Under the Dome

January 17, 2014

Report ranks best and worst NC counties for voting access

Hertford, Pender and Scotland counties have the worst voting access in North Carolina while Mecklenburg, Cherokee and Union have the best, according to a new report.

Hertford, Pender and Scotland counties have the worst voting access in North Carolina, according to a report released by the Center for American Progress Action Fund.

Seventy-nine counties in the state were analyzed based on rates of overall voter turnout, voter registration, voter list maintenance, provisional ballots accepted and rejected, and absentee ballots rejected.

The report, which analyzed counties in every swing state from the last election, concluded that ease of exercising the right to vote is heavily dependent on where one lives. Data was compared only within each state with counties measured against state averages — not nationally.

While all factors were weighted equally, the study noted that Hertford County rejected the highest number of absentee ballots in the state, while Pender rejected the sixth-highest. All three counties were among the worst performing in terms of the rate at which registered voters were purged from the list.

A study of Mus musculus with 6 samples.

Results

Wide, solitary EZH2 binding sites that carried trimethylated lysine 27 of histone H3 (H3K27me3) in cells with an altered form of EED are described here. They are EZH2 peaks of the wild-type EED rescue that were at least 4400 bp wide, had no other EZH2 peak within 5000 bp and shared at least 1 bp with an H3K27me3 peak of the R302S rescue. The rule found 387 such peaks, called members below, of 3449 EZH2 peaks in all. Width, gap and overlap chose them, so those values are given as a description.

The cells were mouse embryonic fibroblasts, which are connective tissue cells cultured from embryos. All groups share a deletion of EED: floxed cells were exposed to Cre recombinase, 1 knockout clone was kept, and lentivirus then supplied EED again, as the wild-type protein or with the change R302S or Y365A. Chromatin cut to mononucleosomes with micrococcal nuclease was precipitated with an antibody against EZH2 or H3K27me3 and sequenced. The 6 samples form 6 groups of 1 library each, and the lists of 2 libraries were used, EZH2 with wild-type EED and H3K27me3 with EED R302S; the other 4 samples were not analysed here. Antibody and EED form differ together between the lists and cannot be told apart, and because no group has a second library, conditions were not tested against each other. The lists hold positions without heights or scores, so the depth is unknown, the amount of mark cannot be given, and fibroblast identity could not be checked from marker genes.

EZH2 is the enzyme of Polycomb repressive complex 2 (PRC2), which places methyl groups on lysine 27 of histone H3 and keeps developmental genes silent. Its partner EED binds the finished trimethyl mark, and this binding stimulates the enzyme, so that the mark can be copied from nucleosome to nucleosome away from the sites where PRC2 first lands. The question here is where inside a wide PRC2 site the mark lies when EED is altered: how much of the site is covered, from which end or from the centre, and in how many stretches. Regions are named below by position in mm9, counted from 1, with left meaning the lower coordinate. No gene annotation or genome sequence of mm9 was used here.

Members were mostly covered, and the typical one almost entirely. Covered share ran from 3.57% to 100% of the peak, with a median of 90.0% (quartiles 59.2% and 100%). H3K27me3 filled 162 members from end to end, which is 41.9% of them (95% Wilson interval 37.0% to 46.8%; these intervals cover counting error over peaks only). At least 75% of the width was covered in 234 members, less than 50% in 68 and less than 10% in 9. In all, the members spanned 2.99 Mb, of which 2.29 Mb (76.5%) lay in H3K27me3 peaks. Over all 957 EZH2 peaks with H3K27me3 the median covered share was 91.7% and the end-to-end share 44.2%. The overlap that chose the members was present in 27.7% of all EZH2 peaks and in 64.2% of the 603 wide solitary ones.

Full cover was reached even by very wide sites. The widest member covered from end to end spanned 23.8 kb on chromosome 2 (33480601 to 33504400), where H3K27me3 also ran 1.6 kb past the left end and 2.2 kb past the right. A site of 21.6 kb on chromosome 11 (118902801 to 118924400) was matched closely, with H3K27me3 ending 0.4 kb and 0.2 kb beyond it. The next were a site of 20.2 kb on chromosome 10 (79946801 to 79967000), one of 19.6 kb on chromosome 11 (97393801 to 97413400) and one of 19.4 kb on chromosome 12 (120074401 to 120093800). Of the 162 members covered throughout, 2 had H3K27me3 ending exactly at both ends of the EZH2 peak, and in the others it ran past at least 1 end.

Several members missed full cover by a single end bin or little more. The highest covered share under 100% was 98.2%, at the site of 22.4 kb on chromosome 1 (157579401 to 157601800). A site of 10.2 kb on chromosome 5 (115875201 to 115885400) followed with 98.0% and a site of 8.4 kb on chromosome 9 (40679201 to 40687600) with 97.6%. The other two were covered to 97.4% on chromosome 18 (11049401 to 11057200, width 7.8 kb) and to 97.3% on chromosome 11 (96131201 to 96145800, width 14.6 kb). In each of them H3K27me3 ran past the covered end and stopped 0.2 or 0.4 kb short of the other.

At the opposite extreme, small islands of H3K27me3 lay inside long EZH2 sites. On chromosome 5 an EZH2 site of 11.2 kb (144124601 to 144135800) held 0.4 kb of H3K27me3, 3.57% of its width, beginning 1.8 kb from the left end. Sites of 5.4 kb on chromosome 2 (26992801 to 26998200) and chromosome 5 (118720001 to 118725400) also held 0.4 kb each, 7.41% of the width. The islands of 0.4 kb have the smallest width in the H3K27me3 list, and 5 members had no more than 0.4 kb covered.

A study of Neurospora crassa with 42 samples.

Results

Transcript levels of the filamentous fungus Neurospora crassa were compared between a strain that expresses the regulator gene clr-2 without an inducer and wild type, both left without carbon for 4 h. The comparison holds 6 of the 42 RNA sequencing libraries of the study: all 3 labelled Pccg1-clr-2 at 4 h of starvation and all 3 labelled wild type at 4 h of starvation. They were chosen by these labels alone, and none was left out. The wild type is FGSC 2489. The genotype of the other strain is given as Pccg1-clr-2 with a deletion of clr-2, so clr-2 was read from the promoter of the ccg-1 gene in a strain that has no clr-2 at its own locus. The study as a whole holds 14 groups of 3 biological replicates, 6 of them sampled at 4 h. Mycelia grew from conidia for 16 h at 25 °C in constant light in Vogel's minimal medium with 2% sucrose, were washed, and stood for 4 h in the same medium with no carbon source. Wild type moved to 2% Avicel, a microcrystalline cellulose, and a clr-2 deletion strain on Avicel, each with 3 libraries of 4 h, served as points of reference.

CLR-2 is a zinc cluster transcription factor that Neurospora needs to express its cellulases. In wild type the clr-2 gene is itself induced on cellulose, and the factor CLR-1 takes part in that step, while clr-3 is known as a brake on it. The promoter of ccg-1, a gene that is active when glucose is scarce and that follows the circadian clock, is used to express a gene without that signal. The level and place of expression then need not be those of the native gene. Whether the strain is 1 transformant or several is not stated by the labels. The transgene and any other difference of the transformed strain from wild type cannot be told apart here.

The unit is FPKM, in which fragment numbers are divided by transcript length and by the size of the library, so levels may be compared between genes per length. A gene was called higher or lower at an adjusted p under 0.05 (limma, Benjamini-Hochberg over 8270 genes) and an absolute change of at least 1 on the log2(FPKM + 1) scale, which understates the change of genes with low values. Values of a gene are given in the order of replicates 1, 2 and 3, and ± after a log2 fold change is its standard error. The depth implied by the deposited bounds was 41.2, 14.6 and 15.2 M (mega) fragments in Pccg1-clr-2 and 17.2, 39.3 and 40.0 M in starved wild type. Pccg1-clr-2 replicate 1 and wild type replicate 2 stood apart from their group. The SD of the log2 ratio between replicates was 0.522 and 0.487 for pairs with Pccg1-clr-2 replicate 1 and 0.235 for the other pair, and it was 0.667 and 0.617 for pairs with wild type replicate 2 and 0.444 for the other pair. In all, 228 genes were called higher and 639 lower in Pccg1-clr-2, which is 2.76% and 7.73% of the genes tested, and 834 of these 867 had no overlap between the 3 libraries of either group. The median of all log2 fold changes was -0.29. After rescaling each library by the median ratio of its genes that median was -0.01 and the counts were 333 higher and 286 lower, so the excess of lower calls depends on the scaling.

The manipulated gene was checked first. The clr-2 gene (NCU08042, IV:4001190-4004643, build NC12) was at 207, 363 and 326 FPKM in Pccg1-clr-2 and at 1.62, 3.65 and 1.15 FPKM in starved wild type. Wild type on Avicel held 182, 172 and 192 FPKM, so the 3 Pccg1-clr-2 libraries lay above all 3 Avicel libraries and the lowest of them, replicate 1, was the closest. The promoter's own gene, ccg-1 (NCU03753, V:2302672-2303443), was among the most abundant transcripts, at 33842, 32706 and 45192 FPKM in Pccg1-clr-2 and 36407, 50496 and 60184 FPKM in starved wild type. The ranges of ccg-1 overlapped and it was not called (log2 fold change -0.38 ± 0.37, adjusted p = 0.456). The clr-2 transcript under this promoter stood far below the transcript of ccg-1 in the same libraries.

Researchers analyzed data collected in the 2012 election, but numbers could change significantly in this year’s election after Gov. Pat McCrory’s new voting law goes into effect, said Joshua Field, one of the authors of the report from the left-leaning organization.

The law – which shortens early voting, ends same-day registration and adds a voter ID requirement, among other things – targets many of the same factors analyzed in the study, Field said.

“It’s going to be very interesting to see how that affects (the data),” Field said. “If you think about anything that makes it harder to register, reduces the number of days that someone could go in and vote, and adds more restrictions for what people need to vote, we’ll guess that you’re going to see some dramatic changes.”

The report, which analyzed counties in every swing state from the last election, concluded that ease of exercising the right to vote is heavily dependent on where one lives. Data was compared only within each state with counties measured against state averages — not nationally.

Mecklenburg, Cherokee and Union counties were the three best-performing counties, according to the same report.